World Oceans Day: Five fascinating facts about the ocean – and how you can help

World Oceans Day is celebrated around the globe today, June 8, raising awareness of just how important the oceans are.

From providing food to acting as a vital carbon store, the ocean plays a vital role in everything from the world’s economy to the fight against climate change.

But it’s under threat from humans, with industries like fishing and shipping leading to severe pollution and devastation of marine life.

But it’s not all doom and gloom, as scientists and conservationists are working hard to find ways to harness the ocean’s power sustainably and preserve it for future generations.

Here are five things you need to know about the ocean – plus ways you can get involved and help out.

The seabed is a carbon sink

Hard-hitting fact time: the ocean bed holds way more carbon stocks than soil. Kapow!

Marine sediments – in the form of plankton, microscopic algae, tiny shellfish and the like – sequester mega amounts of carbon, storing it safely in the deep sea.

The bad news? A study from 2022 revealed that catching with heavy nets that drag across the seabed – a method known as bottom trawling – unleashes roughly the same amount of carbon dioxide (CO2) globally each year as the aviation industry.

The answer: eliminate this kind of carbon disturbance by redefining strategic parts of the world’s oceans as marine protected areas, or MPAs.

Aquaculture is the future of food

Water covers 71% of the Earth’s surface yet the wet stuff produces only 17% of our global meat supply, according to scientific journal Nature. Why not switch to a seafood-centric food system?

Marine aquaculture, also known as blue food system, doesn’t just mean a diet of non-stop fish: plants, algae and seaweed will be on the menu.

Far from grabbing a rod and hitting the beach, aquaculture solutions involve cutting-edge tech.

In 2024, Scotland will host a trade show for the aquaculture industry covering everything from robotics and machine learning to artificial intelligence and smart fish-farming systems.

Lost nets are killing sea creatures

The term ‘ghost gear’ refers to abandoned fishing nets and lines lost in our seas. The Global Ghost Gear Initiative (GGGI) estimates as much as 640,000 tonnes are added to the ocean every year.

Considered to be the most abundant form of macroplastic in the ocean, it’s an issue that’s not going away soon.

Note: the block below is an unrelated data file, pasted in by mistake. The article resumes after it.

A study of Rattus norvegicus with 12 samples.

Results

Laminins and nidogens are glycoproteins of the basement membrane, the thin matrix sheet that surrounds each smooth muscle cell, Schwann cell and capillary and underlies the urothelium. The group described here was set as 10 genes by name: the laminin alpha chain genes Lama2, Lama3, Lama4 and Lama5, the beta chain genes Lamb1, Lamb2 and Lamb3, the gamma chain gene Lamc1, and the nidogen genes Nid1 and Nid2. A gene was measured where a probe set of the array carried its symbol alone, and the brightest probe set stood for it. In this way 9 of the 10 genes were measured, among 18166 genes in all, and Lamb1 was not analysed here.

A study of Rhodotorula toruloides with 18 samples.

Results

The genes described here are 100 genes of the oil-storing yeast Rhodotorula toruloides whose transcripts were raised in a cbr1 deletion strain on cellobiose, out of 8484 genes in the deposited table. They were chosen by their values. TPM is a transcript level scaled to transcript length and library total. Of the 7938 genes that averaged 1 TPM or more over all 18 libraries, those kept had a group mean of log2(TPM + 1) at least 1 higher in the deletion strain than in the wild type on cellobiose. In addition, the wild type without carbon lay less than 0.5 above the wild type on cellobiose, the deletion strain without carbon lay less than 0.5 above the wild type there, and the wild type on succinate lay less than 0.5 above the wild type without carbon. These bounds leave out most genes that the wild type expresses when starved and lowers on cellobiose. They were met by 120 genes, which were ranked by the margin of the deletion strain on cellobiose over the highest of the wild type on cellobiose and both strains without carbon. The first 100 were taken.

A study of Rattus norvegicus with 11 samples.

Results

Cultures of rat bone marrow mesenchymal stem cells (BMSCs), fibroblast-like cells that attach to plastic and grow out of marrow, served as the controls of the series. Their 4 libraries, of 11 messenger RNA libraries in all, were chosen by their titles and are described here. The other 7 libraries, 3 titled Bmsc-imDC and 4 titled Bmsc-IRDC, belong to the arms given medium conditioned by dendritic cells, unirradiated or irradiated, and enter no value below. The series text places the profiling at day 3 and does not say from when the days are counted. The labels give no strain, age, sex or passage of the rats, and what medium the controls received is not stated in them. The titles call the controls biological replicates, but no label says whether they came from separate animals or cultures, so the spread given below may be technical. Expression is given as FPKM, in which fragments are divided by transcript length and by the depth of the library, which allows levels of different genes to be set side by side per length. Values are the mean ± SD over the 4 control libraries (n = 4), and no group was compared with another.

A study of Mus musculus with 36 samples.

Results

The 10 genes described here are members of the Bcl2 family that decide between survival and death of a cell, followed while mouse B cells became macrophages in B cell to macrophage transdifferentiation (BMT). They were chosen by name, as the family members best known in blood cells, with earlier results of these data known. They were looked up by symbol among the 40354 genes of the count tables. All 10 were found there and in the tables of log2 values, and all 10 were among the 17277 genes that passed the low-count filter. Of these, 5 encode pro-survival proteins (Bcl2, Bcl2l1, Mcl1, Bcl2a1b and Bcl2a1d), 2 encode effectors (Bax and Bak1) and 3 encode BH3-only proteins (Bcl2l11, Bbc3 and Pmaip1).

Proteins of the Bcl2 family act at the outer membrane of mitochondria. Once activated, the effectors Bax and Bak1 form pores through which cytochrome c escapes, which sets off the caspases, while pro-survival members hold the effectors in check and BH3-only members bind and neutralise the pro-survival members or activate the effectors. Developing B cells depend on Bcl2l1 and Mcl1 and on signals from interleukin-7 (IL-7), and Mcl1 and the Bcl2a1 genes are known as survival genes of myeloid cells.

And these nets aren’t floating about idly, either – they’re deadly for marine life, entangling species such as dolphin and seals, as they were originally designed to do.

Worse still, they have a product lifespan of 500-plus years! Thankfully, coastal charities are on the case, such as the folks at Waterhaul in Newquay in Cornwall.

These guys collect ghost gear from the sea, recycle polypropylene nets via a mechanical process of shredding and washing, and turn the raw material into snazzy 0% virgin plastic sunglasses and prescription specs.

They also produce 100% recycled litter pickers. Talk about meta.

The shipping industry ain’t good

White goods, cars, grains, fertilisers, toys, technology, tea. About 90% of all traded goods are carried to us over the waves – and our global shipping network leaves a dirty footprint, pumping millions of tonnes of carbon dioxide into our atmosphere every year.

A 2020 study by the International Maritime Organization estimated that the worldwide shipping industry accounts for 2.89% of total global CO2 emissions.

To reduce ocean pollution on a mass scale we need drastic change.

According to a report from the Institution of Mechanical Engineers, retrofitting wind sails to cargo ships, coupled with a reduction in the amount of goods we import, could reduce emissions from shipping by as much as 40%.

Tyre company Michelin is producing solutions such as the Wing Sail Mobility project, an ‘automated, telescopic, inflatable wing sail system’ designed to augment ships and pleasure craft.